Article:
Paella, and successful online engagement

Spain

No visit to Spain is complete without sampling a delicious dish of paella. However, obtaining agreement on the “best” or “original” recipe for this Valencian or Catalan delicacy is more problematic. Is it a meat dish? Is it seafood fare? Does the rice go in first or last?…

The 7th annual EOCCS learning community symposium, hosted by UPF Barcelona School of Management in September 2023, enjoyed a similar debate when considering online engagement. What is the ideal recipe for learner engagement? Can asynchronous delivery be engaging? Does the latest technology need to be deployed?

Amongst academic delegates and keynote panel members, there was unanimous approval of the notion that engagement leads to learning. The potential for dropping out is a basic measure of engagement, but data analysis can give greater insights for proactive engagement. Not surprisingly, the exact recipe for successful engagement was less certain.

But let’s get back to culinary basics – what are the key ingredients for good online engagement (according to our panellists and delegates)?

  • Access:
    Even in developed countries with good broadband coverage, ease of access to the basic tools with which to engage cannot be taken for granted. It depends on the target market to determine the most widely used systems – mobile phone? Tablet or laptop? Full PC?
    This, in turn, advises the design of lessons and modules – video/audio? text/ short readings?
    Access can also be limited through a lack of digital skills. Whilst we can assume certain digital skills amongst learners and faculty, digital learning or teaching skills are not yet ubiquitous.
  • Academic rigour:
    Learners actually like to be challenged, and if the expectations of learning outcomes at bachelor’s or master’s levels are to be achieved, then standards cannot be allowed to fall. Academic rigour in content coverage, assessment design and access to resources, as well as in clear and sensible guidance around assessment criteria, collaboration and plagiarism, must be maintained.
  • Active and authentic learning:
    So, although standards are kept high, the means by which they are achieved can be varied and flexible. Online engagement needs “real world” expectations – not simply case studies but authentic assessments and activity-based learning as with collaborative groups rather than individual assignments. Just like the “real world”, problems with many different responses are welcomed.
  • Personalisation:
    Flexibility also extends to the idea that “one size does not fit all”. Learning design needs to take into consideration the learning preferences of individuals as well as their physical circumstances. Whilst it creates an administrative nightmare and exam board complexity, rolling enrolment and self-paced momentum need to be considered for parts of the learner population. In addition, the recognition that “remote” learners need personalised support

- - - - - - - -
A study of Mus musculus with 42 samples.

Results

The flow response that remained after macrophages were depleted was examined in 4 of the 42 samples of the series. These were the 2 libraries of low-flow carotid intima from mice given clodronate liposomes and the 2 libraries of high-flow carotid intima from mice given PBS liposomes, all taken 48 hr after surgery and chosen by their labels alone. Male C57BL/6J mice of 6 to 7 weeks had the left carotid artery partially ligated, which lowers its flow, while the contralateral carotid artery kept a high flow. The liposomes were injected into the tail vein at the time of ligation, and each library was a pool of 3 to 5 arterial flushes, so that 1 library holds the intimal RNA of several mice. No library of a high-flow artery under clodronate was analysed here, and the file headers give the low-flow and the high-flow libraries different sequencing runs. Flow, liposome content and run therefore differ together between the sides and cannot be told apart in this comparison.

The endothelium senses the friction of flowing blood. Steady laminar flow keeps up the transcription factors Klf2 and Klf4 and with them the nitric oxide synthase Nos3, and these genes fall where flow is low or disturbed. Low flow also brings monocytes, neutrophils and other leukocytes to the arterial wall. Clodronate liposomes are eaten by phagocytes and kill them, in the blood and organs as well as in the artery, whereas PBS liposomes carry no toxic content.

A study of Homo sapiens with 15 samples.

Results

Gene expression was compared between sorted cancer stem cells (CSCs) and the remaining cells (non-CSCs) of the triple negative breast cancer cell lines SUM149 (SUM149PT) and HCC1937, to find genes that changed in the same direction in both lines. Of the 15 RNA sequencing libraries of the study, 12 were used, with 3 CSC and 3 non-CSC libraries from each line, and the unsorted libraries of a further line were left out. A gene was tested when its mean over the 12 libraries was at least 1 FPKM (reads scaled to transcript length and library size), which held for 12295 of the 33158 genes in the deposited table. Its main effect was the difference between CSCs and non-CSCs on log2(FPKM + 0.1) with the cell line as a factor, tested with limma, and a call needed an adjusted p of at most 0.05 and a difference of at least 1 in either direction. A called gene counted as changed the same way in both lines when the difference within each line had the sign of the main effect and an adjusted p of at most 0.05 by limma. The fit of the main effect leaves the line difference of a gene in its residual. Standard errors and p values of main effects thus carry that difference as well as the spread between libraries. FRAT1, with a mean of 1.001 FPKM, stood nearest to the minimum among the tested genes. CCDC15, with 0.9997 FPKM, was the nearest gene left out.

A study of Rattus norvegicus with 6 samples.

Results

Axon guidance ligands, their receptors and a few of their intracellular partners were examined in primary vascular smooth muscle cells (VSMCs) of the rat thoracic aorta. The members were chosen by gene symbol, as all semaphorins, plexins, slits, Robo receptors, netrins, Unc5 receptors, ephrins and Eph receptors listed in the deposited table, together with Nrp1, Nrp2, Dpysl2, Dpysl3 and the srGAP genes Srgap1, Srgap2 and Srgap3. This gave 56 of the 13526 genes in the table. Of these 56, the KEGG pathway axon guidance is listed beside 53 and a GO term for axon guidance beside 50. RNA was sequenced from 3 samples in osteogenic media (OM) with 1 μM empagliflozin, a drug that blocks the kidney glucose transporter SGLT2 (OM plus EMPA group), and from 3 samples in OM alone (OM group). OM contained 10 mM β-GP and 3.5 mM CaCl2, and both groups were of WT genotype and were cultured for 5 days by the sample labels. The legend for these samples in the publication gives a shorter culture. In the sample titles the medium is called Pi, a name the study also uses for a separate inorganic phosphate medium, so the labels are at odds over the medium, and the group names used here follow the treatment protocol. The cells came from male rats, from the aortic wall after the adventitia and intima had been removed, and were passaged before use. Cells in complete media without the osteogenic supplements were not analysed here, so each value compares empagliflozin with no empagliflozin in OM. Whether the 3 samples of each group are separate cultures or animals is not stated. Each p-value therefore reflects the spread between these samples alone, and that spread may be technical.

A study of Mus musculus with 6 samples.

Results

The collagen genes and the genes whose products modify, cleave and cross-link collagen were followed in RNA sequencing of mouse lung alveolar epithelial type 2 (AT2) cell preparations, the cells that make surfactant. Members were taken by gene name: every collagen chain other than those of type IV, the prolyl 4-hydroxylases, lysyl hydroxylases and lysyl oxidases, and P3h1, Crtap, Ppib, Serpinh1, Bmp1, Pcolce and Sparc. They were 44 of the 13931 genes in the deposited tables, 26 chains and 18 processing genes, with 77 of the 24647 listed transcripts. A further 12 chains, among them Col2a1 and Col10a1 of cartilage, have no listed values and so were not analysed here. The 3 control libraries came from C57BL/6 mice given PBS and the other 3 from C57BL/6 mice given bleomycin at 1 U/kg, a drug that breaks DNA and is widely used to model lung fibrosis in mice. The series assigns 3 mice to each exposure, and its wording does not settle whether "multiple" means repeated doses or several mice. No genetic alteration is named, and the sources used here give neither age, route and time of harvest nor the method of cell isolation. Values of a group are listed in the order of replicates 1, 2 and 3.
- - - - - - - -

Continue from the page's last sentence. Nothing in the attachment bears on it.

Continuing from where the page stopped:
• The learning community:
    Remote learners (and faculty) can become isolated and lonely – and disengagement can follow. Maintaining a vibrant community outside the classroom, especially where asynchronous delivery is used, is an important factor in learner cohesion. Often, graduation ceremonies show just how much of a community the learners have forged. Extra-curricular events and opportunities throughout a course (not just ice-breakers at the start) can be designed into the experience in order to increase engagement.

Just as Spanish Paella differs in different parts of Spain, its derivatives in The Philippines (Arroz a la Valenciana), Latin America (Arroz con pollo) and the USA (Jambalaya) show regional and cultural differences.

Engagement is also a concept that must be seen in context. The context of the learner, the online infrastructure, the subject matter, the regulatory guidelines, the level of study, and the cultural norms.

Buen Appetito!

With many thanks to our panellists:

  • Professor Josep M. Duart Montoliu, President, EDEN Digital Learning Europe; UOC, Spain
  • Dr Casilda Güell, Dean, OBS Business School, Spain
  • Professor Davinia Hernández-Leo, Department of Information and Communications Technologies, UPF-BSM, Spain
  • Dr Cristina Sancha, Academic Director of Bachelor Programs, ESADE Business School, Spain
  • Professor José Manuel Martínez-Sierra, Director General & Provost, UPF-BSM, Spain

For additional insights, events and perspectives about EOCCS, visit the conversation here.